Copying Old Slides, Negatives and Prints With a Digital Camera

Many people are amateur family historians, collecting, organizing and sharing historical images of their ancestors with current (and future) generations. The challenge is making good copies of old pictures when you don't have a scanner, especially for film negatives and slides (transparencies).

Changing of the Guard at Windsor Castle
circa 1978


In a recent article, Rob Sheppard diagrammed an inexpensive and efficient method for creating a "copy stand" to photograph old slides and negatives. All you need is a constant light source, a digital camera with a macro lens or macro setting, a tripod and a holder for the film. You can read how to do this in Rob's article here: 

Easy Way to Digitize Old Slides and Other Film

If you don't have a scanner to copy printed photographs (even an office scanner works), you can use your digital camera again. Just as for film images, you need a constant light source. I find that indirect window light works best. This is a window on the shaded side of your house or any window on a cloudy day. You may need to adjust the white balance in the camera to cloudy to compensate for the blue cast of the indirect light.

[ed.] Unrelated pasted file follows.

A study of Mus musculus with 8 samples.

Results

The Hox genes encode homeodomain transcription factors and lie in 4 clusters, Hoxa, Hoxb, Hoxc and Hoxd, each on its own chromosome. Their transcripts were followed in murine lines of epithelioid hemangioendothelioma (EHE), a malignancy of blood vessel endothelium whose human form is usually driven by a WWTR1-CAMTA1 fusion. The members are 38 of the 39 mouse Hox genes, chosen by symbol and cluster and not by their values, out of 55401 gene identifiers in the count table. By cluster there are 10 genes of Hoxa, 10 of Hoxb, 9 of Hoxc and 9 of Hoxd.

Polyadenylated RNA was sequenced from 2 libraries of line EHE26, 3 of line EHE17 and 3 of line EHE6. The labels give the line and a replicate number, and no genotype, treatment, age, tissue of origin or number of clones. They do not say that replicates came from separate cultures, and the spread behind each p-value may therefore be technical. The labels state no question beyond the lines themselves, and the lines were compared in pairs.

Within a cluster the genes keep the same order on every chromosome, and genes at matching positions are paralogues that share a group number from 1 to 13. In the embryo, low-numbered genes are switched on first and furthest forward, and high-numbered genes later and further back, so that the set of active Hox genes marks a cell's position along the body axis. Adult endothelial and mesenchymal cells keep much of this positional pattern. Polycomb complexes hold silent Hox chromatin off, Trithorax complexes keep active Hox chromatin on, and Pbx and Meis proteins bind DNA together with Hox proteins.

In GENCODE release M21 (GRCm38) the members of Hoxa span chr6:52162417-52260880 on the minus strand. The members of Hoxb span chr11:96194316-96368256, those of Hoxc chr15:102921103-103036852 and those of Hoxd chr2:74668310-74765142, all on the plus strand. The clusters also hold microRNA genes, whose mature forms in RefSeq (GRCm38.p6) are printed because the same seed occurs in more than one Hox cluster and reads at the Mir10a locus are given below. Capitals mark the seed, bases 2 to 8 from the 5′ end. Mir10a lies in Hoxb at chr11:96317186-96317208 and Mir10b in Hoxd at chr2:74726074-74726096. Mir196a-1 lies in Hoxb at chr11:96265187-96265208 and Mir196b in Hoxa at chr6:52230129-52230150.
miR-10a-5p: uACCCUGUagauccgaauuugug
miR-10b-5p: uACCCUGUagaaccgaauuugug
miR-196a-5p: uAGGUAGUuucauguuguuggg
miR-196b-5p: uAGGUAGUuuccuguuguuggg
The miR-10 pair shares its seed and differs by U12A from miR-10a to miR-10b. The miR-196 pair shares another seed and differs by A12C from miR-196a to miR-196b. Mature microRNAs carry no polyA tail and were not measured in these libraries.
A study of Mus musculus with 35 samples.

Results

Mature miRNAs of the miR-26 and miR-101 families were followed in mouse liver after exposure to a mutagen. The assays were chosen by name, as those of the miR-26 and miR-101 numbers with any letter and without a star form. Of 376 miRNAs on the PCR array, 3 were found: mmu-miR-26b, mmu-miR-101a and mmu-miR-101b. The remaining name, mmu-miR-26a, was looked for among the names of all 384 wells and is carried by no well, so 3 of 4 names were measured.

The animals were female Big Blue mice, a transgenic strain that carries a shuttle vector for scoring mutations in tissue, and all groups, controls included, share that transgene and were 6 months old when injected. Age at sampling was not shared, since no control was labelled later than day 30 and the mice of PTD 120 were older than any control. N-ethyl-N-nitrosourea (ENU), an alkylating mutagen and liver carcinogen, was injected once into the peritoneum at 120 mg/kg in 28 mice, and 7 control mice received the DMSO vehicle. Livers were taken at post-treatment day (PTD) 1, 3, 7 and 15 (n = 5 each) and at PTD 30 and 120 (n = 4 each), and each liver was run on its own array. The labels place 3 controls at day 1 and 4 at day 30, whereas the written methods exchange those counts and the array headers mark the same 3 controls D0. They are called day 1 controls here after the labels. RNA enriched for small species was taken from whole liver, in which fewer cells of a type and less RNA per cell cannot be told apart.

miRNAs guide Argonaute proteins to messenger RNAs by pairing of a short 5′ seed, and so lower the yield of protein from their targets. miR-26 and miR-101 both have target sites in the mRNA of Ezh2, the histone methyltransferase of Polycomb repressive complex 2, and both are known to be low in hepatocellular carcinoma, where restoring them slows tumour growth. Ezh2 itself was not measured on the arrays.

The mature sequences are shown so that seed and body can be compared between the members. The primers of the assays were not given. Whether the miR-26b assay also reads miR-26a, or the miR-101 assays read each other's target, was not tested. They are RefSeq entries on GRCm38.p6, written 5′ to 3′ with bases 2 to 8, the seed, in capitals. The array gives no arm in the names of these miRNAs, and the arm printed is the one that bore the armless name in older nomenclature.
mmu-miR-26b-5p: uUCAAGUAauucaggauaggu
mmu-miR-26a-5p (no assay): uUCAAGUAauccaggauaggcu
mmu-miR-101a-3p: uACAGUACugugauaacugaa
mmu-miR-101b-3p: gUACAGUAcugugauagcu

You need a flat surface you can place next to the window and a tripod to hold your camera with its lens directly over the print. Just as Rob mentions with slides, it's important that the back of the camera is parallel to the print to avoid distortions. If your print is very large, you can place it on the floor next to a sliding glass door so the light falls directly on the image.

Copying the printed image
Window is to the left

Use a large piece of black mat board or smooth fabric beneath the prints you are copying. The black surface blocks color casts and light flare from the surrounding surfaces. Don't use white for the background as it will bounce light across the surface of the print (particularly glossy ones), causing a haze that reduces contrast.You may need to use a piece of white paper or card opposite the window to reflect light onto the print so there is even illumination across the image.

Windsor Castle Gardens
circa 1978

If you would like more help with copying old pictures and restoring them, check out this new book: Photo Restoration: From Snapshots to Great Shots by Robert Correll.